MILWAUKEE -- In terms of offensive outbursts, the Brewers' eighth inning on Friday night used a series of explosions to sink the Marlins.On Sunday, the Brewers poked holes in the Marlins' defense to score eight runs -- seven with two outs -- in the fourth inning as part of a
MILWAUKEE -- In terms of offensive outbursts, the Brewers' eighth inning on Friday night used a series of explosions to sink the Marlins.
On Sunday, the Brewers poked holes in the Marlins' defense to score eight runs -- seven with two outs -- in the fourth inning as part of a 10-3 win at Miller Park.
Milwaukee chased Dillon Peters in his fourth career start, knocking three consecutive hits to open the frame to get on the board for the first time. After a pair of strikeouts of Keon Broxton and Orlando Arcia appeared to halt the short-lived burst, pitcher Brandon Woodruff kept things going with a five-pitch walk.
Woodruff relied on his polish of hitting regularly as a college freshman at Mississippi State to calmly lay off a 1-1 curveball and earn his way on base.
"I think that kind of propelled that big inning there," Woodruff said. "I always grew up hitting. I hit a little bit my freshman year of college, so I guess I've handled a bat before."
The next six men would follow Woodruff in reaching base safely, with Manny Pina's second RBI single of the inning capping the scoring.
"It just snowballed," said third baseman Travis Shaw, who collected two of his three hits and one of his three RBIs over the course of that fourth inning.
Milwaukee got contributions from everyone as all nine starters reached base. Domingo Santana, who moved to .391 this season with nine homers and 24 RBIs in Sunday games, connected on the big blow: a bases-clearing double.
The Brewers' offense has struggled in the second half of the season, averaging fewer than four runs per game entering Sunday. It had become increasingly reliant on the long ball, which while successful at times -- the Brewers are climbing the record books for the most homers in club history -- can lead to a boom-or-bust type of production.
Sunday marked just the 12th time this season the Brewers had won without hitting a home run. So, as Milwaukee manager Craig Counsell put it in a tongue-in-cheek manner, is this the new "Brewers offense"?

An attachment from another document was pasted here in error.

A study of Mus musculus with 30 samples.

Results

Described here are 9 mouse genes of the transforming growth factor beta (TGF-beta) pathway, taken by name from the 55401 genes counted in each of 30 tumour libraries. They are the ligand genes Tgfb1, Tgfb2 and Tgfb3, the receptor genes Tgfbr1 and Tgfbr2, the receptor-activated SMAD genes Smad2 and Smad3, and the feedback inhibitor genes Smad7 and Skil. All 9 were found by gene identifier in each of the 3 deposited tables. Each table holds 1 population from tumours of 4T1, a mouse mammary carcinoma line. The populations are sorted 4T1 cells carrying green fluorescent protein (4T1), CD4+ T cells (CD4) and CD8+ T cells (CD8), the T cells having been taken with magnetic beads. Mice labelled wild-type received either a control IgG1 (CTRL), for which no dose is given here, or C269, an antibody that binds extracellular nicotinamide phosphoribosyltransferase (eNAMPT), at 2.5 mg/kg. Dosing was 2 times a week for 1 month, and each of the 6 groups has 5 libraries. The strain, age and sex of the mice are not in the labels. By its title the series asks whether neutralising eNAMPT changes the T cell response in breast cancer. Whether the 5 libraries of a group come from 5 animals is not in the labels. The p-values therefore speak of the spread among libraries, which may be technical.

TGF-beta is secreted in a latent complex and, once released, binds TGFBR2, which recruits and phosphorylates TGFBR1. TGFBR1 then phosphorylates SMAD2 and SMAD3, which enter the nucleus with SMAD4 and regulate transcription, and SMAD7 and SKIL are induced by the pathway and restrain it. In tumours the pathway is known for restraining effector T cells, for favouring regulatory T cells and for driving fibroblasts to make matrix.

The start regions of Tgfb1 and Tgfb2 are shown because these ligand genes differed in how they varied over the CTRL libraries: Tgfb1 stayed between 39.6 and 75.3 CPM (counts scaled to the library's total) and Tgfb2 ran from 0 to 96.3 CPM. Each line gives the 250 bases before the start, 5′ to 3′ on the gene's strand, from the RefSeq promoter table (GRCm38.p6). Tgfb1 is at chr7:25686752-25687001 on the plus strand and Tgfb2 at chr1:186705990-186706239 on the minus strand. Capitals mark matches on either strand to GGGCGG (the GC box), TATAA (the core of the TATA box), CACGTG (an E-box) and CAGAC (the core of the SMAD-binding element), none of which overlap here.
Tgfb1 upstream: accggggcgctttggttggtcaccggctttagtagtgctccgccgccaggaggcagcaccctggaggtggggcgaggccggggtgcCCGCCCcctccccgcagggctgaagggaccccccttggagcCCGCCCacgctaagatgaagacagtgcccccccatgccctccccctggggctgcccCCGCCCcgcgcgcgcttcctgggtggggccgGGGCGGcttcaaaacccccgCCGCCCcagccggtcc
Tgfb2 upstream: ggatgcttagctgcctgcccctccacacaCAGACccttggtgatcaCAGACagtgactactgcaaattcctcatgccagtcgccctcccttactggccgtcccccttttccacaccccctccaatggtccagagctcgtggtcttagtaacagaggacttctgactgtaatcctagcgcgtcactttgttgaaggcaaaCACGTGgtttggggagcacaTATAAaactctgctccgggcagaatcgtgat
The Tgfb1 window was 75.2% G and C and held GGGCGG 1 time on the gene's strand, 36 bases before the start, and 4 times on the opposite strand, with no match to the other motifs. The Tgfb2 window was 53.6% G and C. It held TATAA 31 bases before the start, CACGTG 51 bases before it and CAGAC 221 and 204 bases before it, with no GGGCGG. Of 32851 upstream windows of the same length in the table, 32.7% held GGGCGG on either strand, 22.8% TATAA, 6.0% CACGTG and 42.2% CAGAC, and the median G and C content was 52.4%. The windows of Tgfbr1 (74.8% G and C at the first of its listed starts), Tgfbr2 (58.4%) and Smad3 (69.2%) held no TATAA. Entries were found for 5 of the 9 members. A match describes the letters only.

"It's unlikely," Brewers left fielder Ryan Braun said with a laugh.
"I think we've probably established ourselves as an offense. I'd take the larger sample size over the last few days, but we can string together rallies like this. It's harder to string together four, five, six hits to score multiple runs, but certainly we have the personnel that's capable of doing that. I think that more often than that we're going to score most of our runs via the home run."
The home runs are coming as well, as Friday's outburst of three dingers in one inning displayed. But to be able to string together rallies and play small ball is a promising sign.
"We're doing it besides hitting homers, too," Shaw said. "That's a good sign, when we're not relying on the homer. The homers are coming still, but we're scoring other ways with it."
It's coming at the right time, too. Sunday's win allowed the Brewers to keep pace with the Cubs, who beat the Cardinals 4-3, remaining four games back in the National League Central. Milwaukee will keep its eye on Colorado, too, with the Brewers having a near equal distance for the second National League Wild Card spot.
"We're starting to kind of fire on all cylinders," Braun said. "The offense is getting going again. If we continue to play like this with everybody contributing, I like our chances."
Fabian Ardaya is a reporter for MLB.com based in Chicago.